Bonaccorso, Richard. Seán O’Faoláin’s Irish Vision. Albany: State University of New York Press, 1987. An excellent study that places O’Faoláin and his work in a social and literary context. His readings of the stories are thorough and ingenious, if not always convincing.
Butler, Pierce. Seán O’Faoláin: A Study of the Short Fiction. New York: Twayne, 1993. An introduction to O’Faoláin’s short fiction in which Butler claims that O’Faoláin shifts from an early focus on individuals in conflict with repressive Irish forces to more universal human conflicts. Examines O’Faoláin’s realistic style and narrative voice as it changes throughout his career. Includes O’Faoláin’s comments on the short story, some contemporary reviews, and three previously published critical studies.
Davenport, Guy. “Fiction Chronicle.” The Hudson Review 32 (1979): 139-150. In a review article, Davenport has high praise for O’Faoláin’s ability as a writer of short fiction. He finds the central themes of the stories to be the Irish character and Irish Catholicism.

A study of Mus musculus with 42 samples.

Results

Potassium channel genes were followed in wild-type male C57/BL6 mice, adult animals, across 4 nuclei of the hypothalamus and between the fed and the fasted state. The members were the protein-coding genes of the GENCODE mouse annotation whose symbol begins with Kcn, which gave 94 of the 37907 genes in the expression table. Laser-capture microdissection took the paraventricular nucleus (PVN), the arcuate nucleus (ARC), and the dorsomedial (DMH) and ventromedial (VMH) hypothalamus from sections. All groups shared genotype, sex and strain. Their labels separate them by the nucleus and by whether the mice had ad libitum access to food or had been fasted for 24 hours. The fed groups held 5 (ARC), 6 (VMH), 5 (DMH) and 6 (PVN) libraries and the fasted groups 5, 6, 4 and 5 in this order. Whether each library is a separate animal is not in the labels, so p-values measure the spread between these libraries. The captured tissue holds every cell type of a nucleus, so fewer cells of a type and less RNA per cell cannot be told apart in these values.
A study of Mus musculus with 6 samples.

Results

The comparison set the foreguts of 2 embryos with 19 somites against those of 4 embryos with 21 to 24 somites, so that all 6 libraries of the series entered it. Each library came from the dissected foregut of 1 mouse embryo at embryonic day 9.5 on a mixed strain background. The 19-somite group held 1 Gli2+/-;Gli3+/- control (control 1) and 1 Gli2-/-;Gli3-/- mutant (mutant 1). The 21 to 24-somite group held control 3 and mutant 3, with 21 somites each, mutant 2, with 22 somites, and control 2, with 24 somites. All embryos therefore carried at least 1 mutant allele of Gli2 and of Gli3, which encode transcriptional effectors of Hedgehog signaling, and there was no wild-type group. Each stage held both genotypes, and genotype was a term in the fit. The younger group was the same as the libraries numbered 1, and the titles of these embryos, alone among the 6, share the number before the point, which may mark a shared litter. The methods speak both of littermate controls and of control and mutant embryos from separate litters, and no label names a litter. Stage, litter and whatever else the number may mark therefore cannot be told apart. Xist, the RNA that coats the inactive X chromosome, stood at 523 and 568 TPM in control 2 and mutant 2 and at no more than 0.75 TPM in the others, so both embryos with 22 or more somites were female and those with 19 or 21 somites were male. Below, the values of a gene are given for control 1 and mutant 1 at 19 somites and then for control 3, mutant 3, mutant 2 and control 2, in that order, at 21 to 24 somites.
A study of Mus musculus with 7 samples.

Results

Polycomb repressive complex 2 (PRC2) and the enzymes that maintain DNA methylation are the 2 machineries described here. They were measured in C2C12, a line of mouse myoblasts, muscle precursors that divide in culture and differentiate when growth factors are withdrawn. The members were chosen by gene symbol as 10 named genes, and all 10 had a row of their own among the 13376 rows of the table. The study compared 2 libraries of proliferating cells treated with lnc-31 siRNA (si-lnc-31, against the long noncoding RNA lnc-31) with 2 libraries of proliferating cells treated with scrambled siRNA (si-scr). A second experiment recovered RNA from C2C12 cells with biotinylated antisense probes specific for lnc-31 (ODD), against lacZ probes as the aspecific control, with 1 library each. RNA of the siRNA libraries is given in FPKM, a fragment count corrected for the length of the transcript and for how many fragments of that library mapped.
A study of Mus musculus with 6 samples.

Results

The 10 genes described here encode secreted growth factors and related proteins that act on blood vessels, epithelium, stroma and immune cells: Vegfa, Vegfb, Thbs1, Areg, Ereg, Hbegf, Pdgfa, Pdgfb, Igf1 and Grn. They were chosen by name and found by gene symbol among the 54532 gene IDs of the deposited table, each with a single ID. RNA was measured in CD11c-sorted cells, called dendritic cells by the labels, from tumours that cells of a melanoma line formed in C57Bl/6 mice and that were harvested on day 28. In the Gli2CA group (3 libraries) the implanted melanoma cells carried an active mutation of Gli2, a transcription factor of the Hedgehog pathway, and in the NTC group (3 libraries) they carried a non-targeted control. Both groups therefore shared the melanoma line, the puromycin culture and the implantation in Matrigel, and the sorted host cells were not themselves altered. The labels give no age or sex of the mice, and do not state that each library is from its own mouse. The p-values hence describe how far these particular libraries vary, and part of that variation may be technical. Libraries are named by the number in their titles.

Doyle, Paul A. Sean O’Faoláin. New York: Twayne, 1968. A life and works study of O’Faoláin in the Twayne series. It is good on the novels and the literary context in which O’Faoláin wrote but only adequate on the short fiction.
Hanley, Katherine. “The Short Stories of Seán O’Faoláin: Theory and Practice.” Eire-Ireland 6 (1971): 3-11. An excellent introduction to O’Faoláin’s stories. Hanley briefly sketches the theoretical base of the stories and then traces the development of O’Faoláin from the early romantic stories to the more sophisticated ones.
Harmon, Maurice. Seán O’Faoláin. London: Constable, 1994. Harmon first analyzes O’Faoláin’s biographies on Irish figures to provide a social context and then examines briefly each book of short stories. Useful for an understanding of the Irish political and social scene.
Neary, Michael. “Whispered Presences in Seán O’Faoláin’s Stories.” Studies in Short Fiction 32 (Winter, 1995): 11-20. Argues that O’Faoláin confronts his Irishness in his stories in a way that refuses closure or the comfort of the telling detail. Asserts that many of his stories create a feeling of characters being haunted by some event from the past that cannot be made sense of.